NFWF Announces $34.3 Million for Gulf Restoration Projects in Florida

November 18, 2014

Today, Governor Rick Scott and The National Fish and Wildlife Foundation (NFWF) announced the funding of $34.3 million for nine Florida projects that address high priority conservation needs. The projects, developed in consultation with the Florida Fish and Wildlife Conservation Commission, the Florida Department of Environmental Protection and federal resource agencies, are designed to remedy harm or reduce the risk of future harm to natural resources that were affected by the 2010 Deepwater Horizon oil spill.

Governor Scott said, “This $34.3 million in funding is great news for families in the Panhandle. Florida’s natural treasures must be protected so that future generations will be able to experience all that our great state has to offer.”

The money is the second obligation from NFWF’s Gulf Environmental Benefit Fund, created 18 months ago as part of the settlement between the U.S. Department of Justice and BP and Transocean to resolve certain criminal charges against both companies in relation to the spill. Under the allocation formula and other provisions contained in the plea agreements, a total of $356 million will be paid into the Gulf Fund over a five year period for conservation projects in the state of Florida.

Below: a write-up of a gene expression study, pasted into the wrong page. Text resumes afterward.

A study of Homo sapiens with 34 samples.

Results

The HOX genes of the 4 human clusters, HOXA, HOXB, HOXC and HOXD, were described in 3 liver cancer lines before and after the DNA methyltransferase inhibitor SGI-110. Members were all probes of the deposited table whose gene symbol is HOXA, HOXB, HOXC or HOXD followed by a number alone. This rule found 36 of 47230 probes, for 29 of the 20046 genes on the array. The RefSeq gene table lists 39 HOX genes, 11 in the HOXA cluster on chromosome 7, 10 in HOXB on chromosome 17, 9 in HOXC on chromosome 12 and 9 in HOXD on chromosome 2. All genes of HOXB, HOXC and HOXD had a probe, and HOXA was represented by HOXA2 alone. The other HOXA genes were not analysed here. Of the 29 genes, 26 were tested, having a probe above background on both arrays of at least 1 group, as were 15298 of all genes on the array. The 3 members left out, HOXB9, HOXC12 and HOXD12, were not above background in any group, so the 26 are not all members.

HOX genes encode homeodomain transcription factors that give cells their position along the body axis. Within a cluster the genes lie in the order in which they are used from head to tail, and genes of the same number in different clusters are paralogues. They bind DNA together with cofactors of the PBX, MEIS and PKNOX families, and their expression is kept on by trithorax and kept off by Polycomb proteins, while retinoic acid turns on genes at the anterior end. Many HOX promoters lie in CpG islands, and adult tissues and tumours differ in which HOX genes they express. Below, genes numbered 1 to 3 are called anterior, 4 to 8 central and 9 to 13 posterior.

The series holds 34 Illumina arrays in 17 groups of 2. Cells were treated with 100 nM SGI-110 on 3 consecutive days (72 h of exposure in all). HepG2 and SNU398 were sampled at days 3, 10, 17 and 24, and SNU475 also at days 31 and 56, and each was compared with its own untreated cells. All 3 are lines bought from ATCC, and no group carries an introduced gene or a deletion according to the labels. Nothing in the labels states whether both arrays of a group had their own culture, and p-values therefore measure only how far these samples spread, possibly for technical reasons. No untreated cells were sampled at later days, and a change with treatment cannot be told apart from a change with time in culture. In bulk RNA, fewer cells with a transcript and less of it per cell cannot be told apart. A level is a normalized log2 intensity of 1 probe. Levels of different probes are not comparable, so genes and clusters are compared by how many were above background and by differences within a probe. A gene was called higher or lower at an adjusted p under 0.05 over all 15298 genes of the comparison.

“The model for the Gulf Environmental Benefit Fund is one of partnership,” said Jeff Trandahl, executive director and CEO of NFWF. “In order to succeed, NFWF must bring together state resource agencies, federal agencies, and other public and private partners, all working in harmony to fund the best projects that will do the most good for the Gulf of Mexico and the communities that depend on it each and every day. The projects we announce today demonstrate the value of our efforts to work in a collaborative fashion to select projects that will provide significant benefits to wildlife and people for many years to come.”

In early 2013, a U.S. District Court approved two plea agreements resolving certain criminal charges against BP and Transocean related to the Deepwater Horizon oil spill. Provisions within the plea agreements direct a total of $2.544 billion to the National Fish and Wildlife Foundation over a five-year period. The funds are to be used to support projects that remedy harm or reduce the risk of future harm to natural resources that were affected by the oil spill.

Florida’s 2014 Projects

Please click on the project title for more specific information:

Restoration and Management of Escribano Point Coastal Habitat – Phase II

Enhanced Assessment for Recovery of Gulf of Mexico Fisheries – Phase II

Florida Shorebird Conservation Initiative

Benthic Habitat Mapping, Characterization and Assessment

Oyster Reef Habitat Restoration in the Saint Andrew Bay

Restoration of Florida’s Coastal Dune Lakes

Bayou Chico Restoration

Destin Harbor, Joe’s Bayou, and Indian Bayou Water Quality Improvement

Boggy Bayou Watershed Water Quality Improvement

To learn more about Gulf Coast restoration in the state of Florida, please visit www.deepwaterhorizonflorida.com.

To learn more about NFWF’s Gulf Environmental Benefit Fund in Florida, click here.